Today’s modern food processing industries are heavily reliant upon water as both an ingredient and as an integral part of their preparation and processing functions. While in some instances the water used is further processed and treated by the food manufacturer, in many cases this supply of water is obtained from local municipal sources and under goes no further monitoring or processing beyond what is done by the local utility that supplies it to the end users. Unfortunately, in most cases little or no monitoring of the quality of this water by the water provider occurs beyond the water treatment plant. The vast labyrinth of pipes known as the distribution system that delivers the water is, for the most part, unmonitored.
- May 1983 – Israel uncovers Arab plot to poison Galilee water with “an unidentified powder.”
- February 2002 – Al Qaeda arrested with plans to attack U.S. embassy water in Rome with a cyanide-based compound.
- April 2003 – Jordan foils Iraqi plot to poison drinking water supplies from Zarqa feeding U.S. military bases along the Eastern desert.
- December 2002 – Al Qaeda operatives arrested with plans to attack water networks surrounding the Eiffel Tower neighborhoods, Paris.
- September 2003 – FBI bulletin warns of Al Qaeda plans found in Afghanistan to poison U.S. food and water supplies.
A system to effectively detect such incursions into the distribution system, whether they are accidental or terror related, would be a valuable tool to enhance the safety and quality of any products manufactured or processed with the water. The large diversity of potential agents that could find their way into the distribution system precludes monitoring for them on an individual basis. One method that has been developed and has found success in such an endeavor is the concept of using bulk parameter monitoring techniques along with advanced chemometrics.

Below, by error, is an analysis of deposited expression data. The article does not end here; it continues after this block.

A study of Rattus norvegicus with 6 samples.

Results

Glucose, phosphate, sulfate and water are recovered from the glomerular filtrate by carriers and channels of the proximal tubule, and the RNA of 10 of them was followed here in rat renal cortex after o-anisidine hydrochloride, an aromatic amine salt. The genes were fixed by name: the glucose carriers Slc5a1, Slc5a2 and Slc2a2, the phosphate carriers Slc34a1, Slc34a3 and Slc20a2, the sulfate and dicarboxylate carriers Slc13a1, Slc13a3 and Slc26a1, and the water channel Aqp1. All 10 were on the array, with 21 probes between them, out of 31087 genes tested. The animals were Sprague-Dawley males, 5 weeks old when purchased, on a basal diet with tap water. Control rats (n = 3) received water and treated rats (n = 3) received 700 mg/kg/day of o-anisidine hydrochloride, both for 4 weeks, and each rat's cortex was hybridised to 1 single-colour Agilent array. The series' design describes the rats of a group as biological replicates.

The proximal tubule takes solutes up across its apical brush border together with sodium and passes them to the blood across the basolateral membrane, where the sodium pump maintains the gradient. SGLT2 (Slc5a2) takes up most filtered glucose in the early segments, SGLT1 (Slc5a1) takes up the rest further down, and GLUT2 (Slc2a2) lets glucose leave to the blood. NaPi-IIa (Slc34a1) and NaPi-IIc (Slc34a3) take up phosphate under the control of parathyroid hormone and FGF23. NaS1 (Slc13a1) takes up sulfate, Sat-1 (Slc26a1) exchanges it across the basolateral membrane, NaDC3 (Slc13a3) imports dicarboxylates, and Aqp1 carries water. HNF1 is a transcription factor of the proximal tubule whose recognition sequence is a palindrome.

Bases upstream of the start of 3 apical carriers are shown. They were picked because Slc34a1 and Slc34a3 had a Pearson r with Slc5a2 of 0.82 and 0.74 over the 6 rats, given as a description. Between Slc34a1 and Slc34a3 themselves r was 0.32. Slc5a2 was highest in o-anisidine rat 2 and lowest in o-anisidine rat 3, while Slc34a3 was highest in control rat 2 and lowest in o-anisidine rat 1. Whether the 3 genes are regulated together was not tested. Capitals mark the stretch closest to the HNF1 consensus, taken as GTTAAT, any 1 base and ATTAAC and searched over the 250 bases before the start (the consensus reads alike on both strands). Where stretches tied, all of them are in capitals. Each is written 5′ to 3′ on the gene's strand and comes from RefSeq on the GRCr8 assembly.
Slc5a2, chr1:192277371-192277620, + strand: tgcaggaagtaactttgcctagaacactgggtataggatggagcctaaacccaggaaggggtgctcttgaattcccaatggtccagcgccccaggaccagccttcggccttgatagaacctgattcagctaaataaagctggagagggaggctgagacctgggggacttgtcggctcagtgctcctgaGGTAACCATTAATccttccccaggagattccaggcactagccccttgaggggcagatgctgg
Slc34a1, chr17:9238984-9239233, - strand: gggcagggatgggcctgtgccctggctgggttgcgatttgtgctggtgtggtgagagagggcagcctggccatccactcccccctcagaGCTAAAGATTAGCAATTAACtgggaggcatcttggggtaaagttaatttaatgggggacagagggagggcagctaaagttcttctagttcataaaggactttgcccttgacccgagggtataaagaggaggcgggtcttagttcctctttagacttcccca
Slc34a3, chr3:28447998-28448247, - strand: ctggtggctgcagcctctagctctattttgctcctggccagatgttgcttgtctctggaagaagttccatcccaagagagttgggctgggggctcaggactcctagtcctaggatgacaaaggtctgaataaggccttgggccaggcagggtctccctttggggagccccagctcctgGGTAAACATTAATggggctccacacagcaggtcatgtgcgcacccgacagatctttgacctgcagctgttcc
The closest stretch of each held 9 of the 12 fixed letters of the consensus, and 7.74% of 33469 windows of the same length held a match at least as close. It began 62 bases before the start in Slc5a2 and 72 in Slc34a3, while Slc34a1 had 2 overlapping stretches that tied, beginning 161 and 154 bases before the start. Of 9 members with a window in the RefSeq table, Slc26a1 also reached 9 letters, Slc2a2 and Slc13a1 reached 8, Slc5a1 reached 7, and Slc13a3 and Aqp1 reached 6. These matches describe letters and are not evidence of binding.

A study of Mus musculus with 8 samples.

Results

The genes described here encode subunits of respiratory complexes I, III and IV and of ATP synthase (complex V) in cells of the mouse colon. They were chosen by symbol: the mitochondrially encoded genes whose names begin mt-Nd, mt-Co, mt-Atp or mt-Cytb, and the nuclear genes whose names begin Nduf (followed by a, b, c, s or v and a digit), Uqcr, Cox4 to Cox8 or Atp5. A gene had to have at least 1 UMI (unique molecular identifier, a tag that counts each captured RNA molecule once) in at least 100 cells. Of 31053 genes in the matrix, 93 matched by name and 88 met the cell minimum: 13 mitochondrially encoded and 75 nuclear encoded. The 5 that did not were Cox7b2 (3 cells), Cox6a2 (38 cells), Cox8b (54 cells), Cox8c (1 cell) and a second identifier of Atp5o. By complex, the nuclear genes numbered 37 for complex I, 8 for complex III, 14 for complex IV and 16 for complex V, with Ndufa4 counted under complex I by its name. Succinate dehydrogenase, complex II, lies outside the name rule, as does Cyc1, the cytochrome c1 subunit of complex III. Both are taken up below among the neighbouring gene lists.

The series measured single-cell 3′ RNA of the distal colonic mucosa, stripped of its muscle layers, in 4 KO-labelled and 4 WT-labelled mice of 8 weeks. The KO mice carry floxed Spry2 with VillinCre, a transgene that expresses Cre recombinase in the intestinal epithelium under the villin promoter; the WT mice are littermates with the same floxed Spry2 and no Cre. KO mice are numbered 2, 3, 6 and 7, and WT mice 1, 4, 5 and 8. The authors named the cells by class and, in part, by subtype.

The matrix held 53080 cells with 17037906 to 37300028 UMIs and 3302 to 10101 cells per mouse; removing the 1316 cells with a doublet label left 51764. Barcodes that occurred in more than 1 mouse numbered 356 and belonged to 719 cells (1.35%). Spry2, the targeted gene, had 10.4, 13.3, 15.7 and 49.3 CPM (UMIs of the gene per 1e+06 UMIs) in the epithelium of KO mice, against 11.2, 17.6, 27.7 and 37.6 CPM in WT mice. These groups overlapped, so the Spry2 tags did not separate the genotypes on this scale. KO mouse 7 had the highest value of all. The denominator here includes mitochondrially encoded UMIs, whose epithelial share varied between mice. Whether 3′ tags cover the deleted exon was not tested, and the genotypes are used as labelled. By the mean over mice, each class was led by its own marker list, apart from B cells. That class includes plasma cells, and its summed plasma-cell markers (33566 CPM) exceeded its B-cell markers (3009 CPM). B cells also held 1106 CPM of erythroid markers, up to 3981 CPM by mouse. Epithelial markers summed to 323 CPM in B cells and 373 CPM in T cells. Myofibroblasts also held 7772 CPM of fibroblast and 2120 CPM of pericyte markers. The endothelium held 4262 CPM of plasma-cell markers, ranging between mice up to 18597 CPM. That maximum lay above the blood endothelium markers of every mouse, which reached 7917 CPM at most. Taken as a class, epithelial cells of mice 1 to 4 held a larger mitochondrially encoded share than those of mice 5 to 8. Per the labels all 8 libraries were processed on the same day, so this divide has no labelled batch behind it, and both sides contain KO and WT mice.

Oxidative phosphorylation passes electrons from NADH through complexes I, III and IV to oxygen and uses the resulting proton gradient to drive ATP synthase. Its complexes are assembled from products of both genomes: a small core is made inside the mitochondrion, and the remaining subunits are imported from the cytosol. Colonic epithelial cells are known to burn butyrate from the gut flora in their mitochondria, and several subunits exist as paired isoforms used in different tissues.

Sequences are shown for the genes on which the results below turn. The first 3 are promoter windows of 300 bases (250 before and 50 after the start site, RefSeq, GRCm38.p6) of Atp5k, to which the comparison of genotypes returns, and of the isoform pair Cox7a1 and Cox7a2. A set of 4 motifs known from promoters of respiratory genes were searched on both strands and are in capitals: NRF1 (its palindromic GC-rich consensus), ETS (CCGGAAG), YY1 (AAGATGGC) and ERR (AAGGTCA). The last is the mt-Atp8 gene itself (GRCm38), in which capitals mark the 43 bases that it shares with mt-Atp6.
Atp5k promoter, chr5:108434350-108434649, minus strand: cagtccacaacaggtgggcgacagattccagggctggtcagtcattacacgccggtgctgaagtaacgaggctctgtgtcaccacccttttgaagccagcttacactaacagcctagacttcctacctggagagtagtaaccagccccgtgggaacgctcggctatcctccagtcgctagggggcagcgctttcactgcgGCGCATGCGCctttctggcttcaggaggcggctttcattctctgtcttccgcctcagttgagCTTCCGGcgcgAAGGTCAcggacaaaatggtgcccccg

A Real Time Monitoring System
One such system makes use of five common bulk parameters that are monitored simultaneously in real time. The parameters that are monitored are pH, conductivity, total organic carbon (TOC), turbidity and residual chlorine. When measured in real time, these parameters can show a lot of variability for a given water supply (see Figure. 2). That is why a baseline estimator that is sensitive to small perturbations and yet is resilient enough to not be constantly alarming due to normal fluctuations is required for such a system to function properly.
In the system as it is designed, the signals from all of the instruments are processed from five separate parameter measures into a single value in an event monitor computer system that contains the algorithm. The signal then goes through the crucial proprietary baseline estimator. A deviation of the signal from the estimated baseline is then derived. Then a gain matrix is applied that weights the various parameters based on experimental data for a wide variety of probable threat agents. The magnitude of the deviation signal is then compared to a preset threshold level that is set by the operator. If the signal exceeds the threshold, the trigger is activated. Figure 3 shows the same data from Figure 2 processed through the algorithm.